I am reading The Really Hard Problem* by Owen Flanagan for an philosophical independent study of sorts. The book is basically about finding meaning in a material world, and I’m not talking about Madonna’s material world, I’m talking about everything that exists is finite and material and there is no G-d and no metaphysical stuff.
Anyway, Flanagan who teaches as a James B. Duke Professor of Philosophy and Neurobiology at Duke University** and has been published numerous times in academia, DOES NOT USE GENDER INCLUSIVE LANGUAGE. What? This still happens? The Really Hard Problem was published in 2009, Flanagan was a young man during the beginning of the Feminist movement in the 1960’s, he should be down with the gender-inclusive language thing.
UPDATE! I jumped the gun, so to speak, when I wrote this. Flanagan uses female pronouns in his later chapters. My apologizes.
Needless to say, this really bothered me, not only being a woman but also being a minority in the field of philosophy. Women only comprise 21% of Ph.Ds in philosophy.*** I brought it up with a friend and fellow student of philosophy on a bike ride later . His opinion on the matter was that if both genders are equal and mean the same thing (he is just the masculine 3rd person just as she is the feminine 3rd person) then what does it matter if someone uses just he or just she in their writing? When it comes down to it if what gender pronoun Flanagan uses does not affect the premises of his argument. So why care?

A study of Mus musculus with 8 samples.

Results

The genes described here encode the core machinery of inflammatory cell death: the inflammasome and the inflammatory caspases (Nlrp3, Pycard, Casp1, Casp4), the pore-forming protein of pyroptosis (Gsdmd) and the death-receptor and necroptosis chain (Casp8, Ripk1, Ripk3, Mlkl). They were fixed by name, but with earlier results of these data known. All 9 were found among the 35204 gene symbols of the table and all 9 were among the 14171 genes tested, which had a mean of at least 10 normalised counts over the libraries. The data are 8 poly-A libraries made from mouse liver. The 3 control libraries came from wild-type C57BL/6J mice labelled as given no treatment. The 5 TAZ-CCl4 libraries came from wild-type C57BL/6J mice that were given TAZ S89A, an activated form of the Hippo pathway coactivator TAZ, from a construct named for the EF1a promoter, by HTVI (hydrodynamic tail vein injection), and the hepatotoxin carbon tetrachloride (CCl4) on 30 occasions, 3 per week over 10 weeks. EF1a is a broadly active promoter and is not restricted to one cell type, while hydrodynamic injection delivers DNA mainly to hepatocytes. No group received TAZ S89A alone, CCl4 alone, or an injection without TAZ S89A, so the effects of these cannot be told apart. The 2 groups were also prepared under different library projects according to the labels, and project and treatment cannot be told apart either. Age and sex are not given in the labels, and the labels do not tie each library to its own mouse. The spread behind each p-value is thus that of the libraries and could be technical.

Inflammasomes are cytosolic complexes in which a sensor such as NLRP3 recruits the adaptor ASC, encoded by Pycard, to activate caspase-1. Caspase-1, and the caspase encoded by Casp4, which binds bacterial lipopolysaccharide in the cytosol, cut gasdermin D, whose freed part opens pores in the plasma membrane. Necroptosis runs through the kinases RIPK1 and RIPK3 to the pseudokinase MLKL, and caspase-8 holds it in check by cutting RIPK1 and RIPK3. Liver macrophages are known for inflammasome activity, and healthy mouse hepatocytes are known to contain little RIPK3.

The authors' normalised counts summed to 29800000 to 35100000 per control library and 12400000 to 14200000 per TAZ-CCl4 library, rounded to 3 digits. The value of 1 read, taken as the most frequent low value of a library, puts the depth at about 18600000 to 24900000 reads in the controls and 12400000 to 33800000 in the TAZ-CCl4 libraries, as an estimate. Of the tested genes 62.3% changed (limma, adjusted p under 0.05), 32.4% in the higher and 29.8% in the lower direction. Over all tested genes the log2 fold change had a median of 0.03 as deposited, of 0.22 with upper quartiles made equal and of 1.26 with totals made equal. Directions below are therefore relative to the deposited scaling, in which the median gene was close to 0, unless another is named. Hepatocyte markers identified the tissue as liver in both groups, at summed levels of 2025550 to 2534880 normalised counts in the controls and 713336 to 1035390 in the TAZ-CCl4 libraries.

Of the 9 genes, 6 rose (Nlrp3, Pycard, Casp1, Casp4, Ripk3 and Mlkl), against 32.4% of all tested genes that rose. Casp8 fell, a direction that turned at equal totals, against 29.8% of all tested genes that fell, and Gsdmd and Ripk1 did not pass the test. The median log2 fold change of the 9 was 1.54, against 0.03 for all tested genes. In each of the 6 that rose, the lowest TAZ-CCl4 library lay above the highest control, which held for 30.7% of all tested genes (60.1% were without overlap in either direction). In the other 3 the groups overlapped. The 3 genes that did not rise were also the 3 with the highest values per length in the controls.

My friend raised a good point, my only retort was that Flanagan excludes a whole people from his examples, which if you are arguing a universal point, as Flanagan is doing, looks un-universal. So, yeah my counterargument sucked and I was embarrassed. I want to know what you all think,
Does it matter if you use gender inclusive language when it comes down to it? Why or why not?
*His title is a smart-ass take on David Chalmer’s “hard problem of consciousness” (why do we have qualitative phenomenological experience at all).
** Vom, I have major beef with the wannabe “Princeton” of the South. But that’s neither here nor there, I just wanted to get in a little ad hominem action.
***“Salary, Promotion, and Tenure Status of Minority and Women Faculty in U.S. Colleges and Universities.”National Center for Education Statistics, Statistical Analysis Report, March 2000; U.S. Department of Education, Office of Education Research and Improvement, Report # NCES 2000–173;1993 National Study of Postsecondary Faculty (NSOPF:93). See also “Characteristics and Attitudes of Instructional Faculty and Staff in the Humanities.” National Center For Education Statistics, E.D. Tabs, July 1997. U.S. Department of Education, Office of Education Research and Improvement, Report # NCES 97-973;1993 National Study of Postsecondary Faculty (NSOPF-93).